The accounting equation is a basic principle of accounting and a fundamental element of the balance sheet. The equation is as follows:

**Assets = Liabilities + Shareholder’s Equity**

This equation sets the foundation of double-entry accounting and highlights the structure of the balance sheet. Double-entry accounting is a system where every transaction affects both sides of the accounting equation. For every change to an asset account, there must be an equal change to a related liability or shareholder’s equity account. It is important to keep the accounting equation in mind when performing journal entries.

The balance sheet is broken down into three major sections and their various underlying items: Assets, Liabilities, and Shareholder’s Equity.

**Total Assets = **Current Assets + Non-Current Assets

**Total Liabilities = **Current Liabilities + Non-Current Liabilities

**Total** **Shareholder’s Equity = **Share Capital + Retained Earning

Below are some examples of items that fall under each section:

**Assets:**Cash, Accounts Receivable, Inventory, Equipment**Liabilities:**Accounts Payable, Short-term borrowings, Long-term Debt**Shareholder’s Equity:**Share Capital, Retained Earnings

The accounting equation shows the relationship between these items.

**Rearranging the Accounting Equation**

The accounting equation can also be rearranged into the following form:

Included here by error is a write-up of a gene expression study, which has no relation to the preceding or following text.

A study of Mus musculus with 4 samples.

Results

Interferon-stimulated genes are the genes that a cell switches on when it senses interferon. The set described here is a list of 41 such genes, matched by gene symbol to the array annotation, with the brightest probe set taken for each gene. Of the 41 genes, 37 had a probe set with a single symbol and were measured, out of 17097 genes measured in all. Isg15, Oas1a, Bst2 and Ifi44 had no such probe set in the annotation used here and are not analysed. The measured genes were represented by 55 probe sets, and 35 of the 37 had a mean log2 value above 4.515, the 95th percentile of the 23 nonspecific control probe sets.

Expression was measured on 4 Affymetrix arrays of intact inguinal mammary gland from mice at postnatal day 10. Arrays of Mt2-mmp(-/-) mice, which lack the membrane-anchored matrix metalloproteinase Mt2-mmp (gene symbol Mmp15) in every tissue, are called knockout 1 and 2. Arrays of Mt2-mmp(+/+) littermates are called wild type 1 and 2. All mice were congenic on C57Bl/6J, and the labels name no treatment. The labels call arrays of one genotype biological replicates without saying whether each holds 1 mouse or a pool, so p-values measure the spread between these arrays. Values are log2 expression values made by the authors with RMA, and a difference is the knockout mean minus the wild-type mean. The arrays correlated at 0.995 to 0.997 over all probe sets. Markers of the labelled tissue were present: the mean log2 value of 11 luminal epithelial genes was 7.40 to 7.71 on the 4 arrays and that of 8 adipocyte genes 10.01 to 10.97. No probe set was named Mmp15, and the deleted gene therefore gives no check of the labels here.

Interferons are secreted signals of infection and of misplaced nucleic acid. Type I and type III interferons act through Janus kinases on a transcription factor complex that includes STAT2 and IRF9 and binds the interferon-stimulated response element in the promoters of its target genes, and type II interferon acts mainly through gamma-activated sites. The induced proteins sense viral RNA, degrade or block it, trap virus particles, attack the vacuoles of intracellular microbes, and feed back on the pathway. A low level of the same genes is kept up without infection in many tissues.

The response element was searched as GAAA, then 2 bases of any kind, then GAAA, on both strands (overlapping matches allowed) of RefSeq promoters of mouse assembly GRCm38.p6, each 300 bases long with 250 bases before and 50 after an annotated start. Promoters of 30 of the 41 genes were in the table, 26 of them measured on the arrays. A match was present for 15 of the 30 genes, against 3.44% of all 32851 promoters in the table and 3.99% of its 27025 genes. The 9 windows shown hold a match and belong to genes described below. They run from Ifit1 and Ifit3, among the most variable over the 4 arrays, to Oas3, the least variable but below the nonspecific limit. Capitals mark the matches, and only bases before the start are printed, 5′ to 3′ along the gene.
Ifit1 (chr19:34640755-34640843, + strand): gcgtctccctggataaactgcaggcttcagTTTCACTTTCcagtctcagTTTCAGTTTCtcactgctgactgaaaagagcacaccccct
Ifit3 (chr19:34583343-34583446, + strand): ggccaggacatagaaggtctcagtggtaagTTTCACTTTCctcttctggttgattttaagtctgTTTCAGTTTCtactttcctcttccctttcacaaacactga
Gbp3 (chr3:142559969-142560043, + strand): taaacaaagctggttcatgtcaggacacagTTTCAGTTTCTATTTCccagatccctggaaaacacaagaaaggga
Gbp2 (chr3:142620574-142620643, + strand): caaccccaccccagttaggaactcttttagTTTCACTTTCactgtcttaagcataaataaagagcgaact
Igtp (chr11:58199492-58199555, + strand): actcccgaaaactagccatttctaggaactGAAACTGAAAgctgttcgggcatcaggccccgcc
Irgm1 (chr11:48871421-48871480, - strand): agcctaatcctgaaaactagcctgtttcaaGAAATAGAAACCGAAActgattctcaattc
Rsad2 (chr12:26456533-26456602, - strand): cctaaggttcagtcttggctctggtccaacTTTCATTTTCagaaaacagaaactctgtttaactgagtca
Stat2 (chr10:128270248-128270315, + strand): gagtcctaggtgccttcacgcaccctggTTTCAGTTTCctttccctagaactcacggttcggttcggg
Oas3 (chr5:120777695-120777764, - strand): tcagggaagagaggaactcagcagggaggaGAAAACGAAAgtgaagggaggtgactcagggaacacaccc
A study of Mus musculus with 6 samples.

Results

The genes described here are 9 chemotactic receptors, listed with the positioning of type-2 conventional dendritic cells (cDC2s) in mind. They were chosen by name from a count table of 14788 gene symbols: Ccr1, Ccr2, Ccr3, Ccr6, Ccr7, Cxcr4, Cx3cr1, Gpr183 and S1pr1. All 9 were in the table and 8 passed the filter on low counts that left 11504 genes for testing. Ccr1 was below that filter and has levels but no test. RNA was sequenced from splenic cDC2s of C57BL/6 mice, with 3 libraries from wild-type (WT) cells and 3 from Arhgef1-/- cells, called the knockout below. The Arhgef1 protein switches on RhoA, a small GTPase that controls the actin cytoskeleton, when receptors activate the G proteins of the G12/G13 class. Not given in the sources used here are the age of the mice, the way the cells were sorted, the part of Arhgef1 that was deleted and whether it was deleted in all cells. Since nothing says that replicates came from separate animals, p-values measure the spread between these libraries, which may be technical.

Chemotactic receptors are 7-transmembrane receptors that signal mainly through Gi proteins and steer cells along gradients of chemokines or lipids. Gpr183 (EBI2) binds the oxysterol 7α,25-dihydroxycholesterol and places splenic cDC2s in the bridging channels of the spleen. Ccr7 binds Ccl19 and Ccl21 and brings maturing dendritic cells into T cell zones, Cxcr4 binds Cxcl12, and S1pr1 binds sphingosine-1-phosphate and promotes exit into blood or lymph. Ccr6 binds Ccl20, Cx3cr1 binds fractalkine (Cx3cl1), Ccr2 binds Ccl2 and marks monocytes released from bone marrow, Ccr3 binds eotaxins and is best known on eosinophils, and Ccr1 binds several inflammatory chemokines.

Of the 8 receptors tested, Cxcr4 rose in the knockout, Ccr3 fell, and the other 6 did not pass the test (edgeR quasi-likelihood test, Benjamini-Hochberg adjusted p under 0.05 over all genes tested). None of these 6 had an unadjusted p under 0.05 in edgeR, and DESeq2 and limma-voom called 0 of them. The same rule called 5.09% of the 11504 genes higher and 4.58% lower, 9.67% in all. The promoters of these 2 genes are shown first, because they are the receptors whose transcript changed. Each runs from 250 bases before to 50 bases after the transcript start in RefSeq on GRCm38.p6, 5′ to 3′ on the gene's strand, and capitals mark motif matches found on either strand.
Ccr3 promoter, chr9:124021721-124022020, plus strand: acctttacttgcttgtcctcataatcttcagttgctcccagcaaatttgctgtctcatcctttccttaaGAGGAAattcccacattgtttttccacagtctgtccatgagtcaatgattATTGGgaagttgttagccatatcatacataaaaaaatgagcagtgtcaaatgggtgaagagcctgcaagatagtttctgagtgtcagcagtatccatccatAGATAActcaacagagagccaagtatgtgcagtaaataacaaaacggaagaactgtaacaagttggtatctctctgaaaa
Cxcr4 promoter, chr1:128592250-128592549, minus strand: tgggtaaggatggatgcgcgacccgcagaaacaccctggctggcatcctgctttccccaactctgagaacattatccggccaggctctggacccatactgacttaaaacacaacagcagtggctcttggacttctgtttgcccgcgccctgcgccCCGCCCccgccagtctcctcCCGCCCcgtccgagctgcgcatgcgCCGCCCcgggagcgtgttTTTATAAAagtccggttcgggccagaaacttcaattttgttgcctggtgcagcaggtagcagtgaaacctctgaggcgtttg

**Shareholder’s Equity = Assets – Liabilities**

In this form, it is easier to highlight the relationship between shareholder’s equity and debt (liabilities). As you can see, shareholder’s equity is the remainder after liabilities have been subtracted from assets. This is because creditors – parties that lend money – have the first claim to a company’s assets.

For example, if a company becomes bankrupt, its assets are sold and these funds are used to settle debts first. Only after debts are settled are shareholders entitled to any of the company’s assets to attempt to recover their investments.

Regardless of how the accounting equation is represented, it is important to remember that the equation must always balance.

**Examples of the Accounting Equation**

For every transaction, both sides of this equation must have an equal net effect. Below are some examples of transactions and how they affect the accounting equation.

**1. Purchasing a Machine with Cash**

Company XYZ wishes to purchase a $500 machine using only cash. This transaction would result in a credit to Equipment (+$500) and a debit to Cash (-$500). The net effect on the accounting equation would be as follows:

This transaction affects only the assets of the equation; therefore there is no corresponding effect in liabilities or shareholder’s equity on the right side of the equation.

**2. Purchasing a Machine with Cash and Credit**

Company XYZ wishes to purchase a $500 machine but it only has $250 of cash in its holdings. The company is allowed to purchase this machine with an initial payment of $250 but it owes the manufacturer the remaining amount. This would result in a credit to Equipment (+$500), a credit to Accounts Payable (+$250) and a debit to Cash (-$250). The net effect on the accounting equation would be as follows:

This transaction affects both sides of the accounting equation; both the left and right sides of the equation increase by +$250.